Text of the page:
3 Reasons Not To Retire

Retirement

We are living through what is being called the silver tsunami. According to Legal Jobs, “about 10,000 baby boomers turn 65 each day, and the entire generation is expected to reach retirement age by 2030.” While many people spend their working years aiming to eventually retire, there are reasons why complete retirement should not be a primary goal. Even synonyms for the word retire sound negative—withdraw, relinquish, depart, expire.

For my book, Leading with Wisdom: Sage Advice from 100 Experts, I interviewed more than 100 top authorities about leadership and life. A recurring theme during these conversations was the idea that complete and total retirement should not be anyone’s end goal. These leadership experts argued that when we retire from our day jobs, we should move on to a different kind of work—something meaningful, purposeful, and intentional.

Here are three top reasons not to retire.

1. Retirement Is An Antiquated Term.

The Social Security Act was passed in 1935, establishing 65 as the official retirement age. This was set at a time when the average life expectancy was about 61 years old for men and 65 for women. Life expectancy for men is around 74 and for women it is about 80. Based on his research, MIT Age Lab Director Joseph Coughlin says that retiring at age 65 gives us about another 8,000 days—basically 21 years—to figure out what to do with our lives.

In a 2019 post on Forbes, Coughlin calculates his conclusion as follows. “8,000 days is also roughly the same amount of time from birth to legal drinking age – 21 years old. Put another way, “life between 21 years old and what many might call midlife in their later 40s, is another 8,000 days. And, from midlife, to the seemingly preordained retirement age of 65 years old, is about another 8,000 days.” He says the typical retirement is equal to one-third of a person’s adult life.

2. Midlife Is A New Life Phase.

While the Covid-19 pandemic did affect longevity, we are still living longer and healthier lives. Chip Conley, in his latest book Learning to Love Midlife: 12 Reasons Why Life Gets Better with Age, defines midlife as ages 35 to 75—or 40 years to enjoy. Conley reminds us how it is not about living longer, but we instead have a new life stage called middlescence. Similar to adolescence, midlife is a time when our bodies and our identities are changing just as much as they did when we were teenagers—physically, hormonally, and emotionally. It is important to understand these changes so that we don’t make mistakes usually attributed to a midlife crisis.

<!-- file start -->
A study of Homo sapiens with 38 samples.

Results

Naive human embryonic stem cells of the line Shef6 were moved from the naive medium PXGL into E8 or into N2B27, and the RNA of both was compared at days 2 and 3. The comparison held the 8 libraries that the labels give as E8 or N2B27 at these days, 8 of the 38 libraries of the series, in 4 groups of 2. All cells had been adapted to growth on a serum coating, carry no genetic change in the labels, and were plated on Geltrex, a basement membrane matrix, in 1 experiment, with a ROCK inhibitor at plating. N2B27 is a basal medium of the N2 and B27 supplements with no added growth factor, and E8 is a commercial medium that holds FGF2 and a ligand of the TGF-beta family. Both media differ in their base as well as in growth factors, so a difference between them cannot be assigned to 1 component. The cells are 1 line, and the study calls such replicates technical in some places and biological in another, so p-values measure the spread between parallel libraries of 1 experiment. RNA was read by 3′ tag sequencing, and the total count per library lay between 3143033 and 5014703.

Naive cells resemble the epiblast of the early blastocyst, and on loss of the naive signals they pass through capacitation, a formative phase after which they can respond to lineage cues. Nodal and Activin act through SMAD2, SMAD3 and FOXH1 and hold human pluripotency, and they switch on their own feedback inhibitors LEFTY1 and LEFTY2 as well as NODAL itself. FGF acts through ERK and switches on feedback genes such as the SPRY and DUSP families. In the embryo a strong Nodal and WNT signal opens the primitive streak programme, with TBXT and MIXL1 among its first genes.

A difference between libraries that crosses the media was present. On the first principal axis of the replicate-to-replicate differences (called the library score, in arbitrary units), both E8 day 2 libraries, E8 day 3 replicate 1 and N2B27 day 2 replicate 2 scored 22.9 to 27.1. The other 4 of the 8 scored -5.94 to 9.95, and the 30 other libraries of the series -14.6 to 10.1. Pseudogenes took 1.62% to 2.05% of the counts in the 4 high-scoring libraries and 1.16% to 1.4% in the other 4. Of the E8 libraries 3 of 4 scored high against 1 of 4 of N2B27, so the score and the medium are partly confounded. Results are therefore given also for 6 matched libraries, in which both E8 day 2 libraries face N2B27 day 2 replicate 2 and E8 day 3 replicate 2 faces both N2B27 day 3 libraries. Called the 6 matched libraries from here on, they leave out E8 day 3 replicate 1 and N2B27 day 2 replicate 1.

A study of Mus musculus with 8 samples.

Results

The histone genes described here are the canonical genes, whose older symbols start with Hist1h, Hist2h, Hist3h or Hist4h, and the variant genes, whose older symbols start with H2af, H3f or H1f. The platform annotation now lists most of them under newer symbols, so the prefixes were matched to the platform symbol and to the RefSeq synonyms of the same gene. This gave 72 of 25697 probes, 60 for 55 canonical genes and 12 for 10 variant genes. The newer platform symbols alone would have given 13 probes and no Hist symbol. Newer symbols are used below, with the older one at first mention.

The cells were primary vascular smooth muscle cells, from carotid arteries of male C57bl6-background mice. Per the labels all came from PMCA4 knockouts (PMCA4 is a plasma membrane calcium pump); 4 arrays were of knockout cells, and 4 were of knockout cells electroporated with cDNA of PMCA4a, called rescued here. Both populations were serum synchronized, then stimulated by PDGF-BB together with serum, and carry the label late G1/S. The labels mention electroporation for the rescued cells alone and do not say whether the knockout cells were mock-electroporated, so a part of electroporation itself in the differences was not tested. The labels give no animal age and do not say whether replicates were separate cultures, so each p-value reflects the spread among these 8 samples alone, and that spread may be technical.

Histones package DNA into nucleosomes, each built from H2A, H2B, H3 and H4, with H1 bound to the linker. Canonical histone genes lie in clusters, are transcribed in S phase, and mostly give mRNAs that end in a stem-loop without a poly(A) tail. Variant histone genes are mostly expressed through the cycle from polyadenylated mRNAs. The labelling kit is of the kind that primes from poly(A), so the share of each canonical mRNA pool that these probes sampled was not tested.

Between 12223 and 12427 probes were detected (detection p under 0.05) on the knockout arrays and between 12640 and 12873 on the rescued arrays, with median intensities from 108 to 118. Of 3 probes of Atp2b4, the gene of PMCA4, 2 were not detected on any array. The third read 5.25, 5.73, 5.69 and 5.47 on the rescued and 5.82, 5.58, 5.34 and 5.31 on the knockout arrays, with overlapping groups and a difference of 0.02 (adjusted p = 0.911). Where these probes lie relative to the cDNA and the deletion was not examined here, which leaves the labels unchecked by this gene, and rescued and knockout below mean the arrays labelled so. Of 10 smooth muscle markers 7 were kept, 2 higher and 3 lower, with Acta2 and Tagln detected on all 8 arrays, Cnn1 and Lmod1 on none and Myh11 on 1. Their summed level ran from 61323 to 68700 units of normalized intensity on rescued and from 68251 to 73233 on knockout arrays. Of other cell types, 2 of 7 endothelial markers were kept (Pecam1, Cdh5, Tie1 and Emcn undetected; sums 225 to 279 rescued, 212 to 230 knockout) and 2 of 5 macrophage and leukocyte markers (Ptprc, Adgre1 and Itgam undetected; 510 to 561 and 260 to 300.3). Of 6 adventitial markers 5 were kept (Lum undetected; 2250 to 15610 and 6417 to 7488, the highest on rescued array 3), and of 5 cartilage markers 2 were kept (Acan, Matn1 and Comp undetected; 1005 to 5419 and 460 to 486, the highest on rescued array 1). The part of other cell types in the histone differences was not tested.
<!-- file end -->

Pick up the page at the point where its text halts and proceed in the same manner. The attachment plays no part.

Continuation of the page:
3. Connection Is Protection.

For most people, workplaces are where they get their social interaction. When people leave the workforce, they often feel disconnected. U.S. Surgeon General Vivek Murthy, and author of Together: The Healing Power of Human Connections in a Sometimes Lonely World, said “When people are socially disconnected … the increased risk of premature death associated with social disconnection is comparable to smoking daily — and may be even greater than the risk associated with obesity.”

A more recent Surgeon General report titled “Our Epidemic of Loneliness and Isolation,” finds that even before COVID-19, loneliness was an epidemic. The consequences of feeling disconnected is devastating: “a 29% increased risk of heart disease; a 32% increased risk of stroke; and a 50% increased risk of developing dementia for older adults.”

What Should You Do?

Don’t retire from life. Consider life after work as another phase of life. Discover, explore, and experiment. Find the cause or purpose that will help you get up in the morning. If you have one-third of your life still in front of you, dream how you want to spent this time and make something happen.

Reframe aging. Becca Levy, a professor at Yale’s School of Public Health has found that people who shift their perspective on aging from negative to positive live 7.5 years longer. Embrace aging as a time to contribute in the world in an encore career, part-time work, volunteering, or even becoming an entrepreneur. Today, the average age of entrepreneurs is 42.

Find new ways to stay relevant and engaged. When people feel disconnected and lonely, they often feel irrelevant and invisible. Join organizations and clubs. Mentor and teach others what you know. Being curious goes a long way toward finding a new meaning in your life.

You don’t have to know what you want to do for the next 8,000 days. But figuring out how to use this expanded life phase takes time and thought. Start thinking now about how you want to live a meaningful life—on purpose and with intention—and without ever having to retire.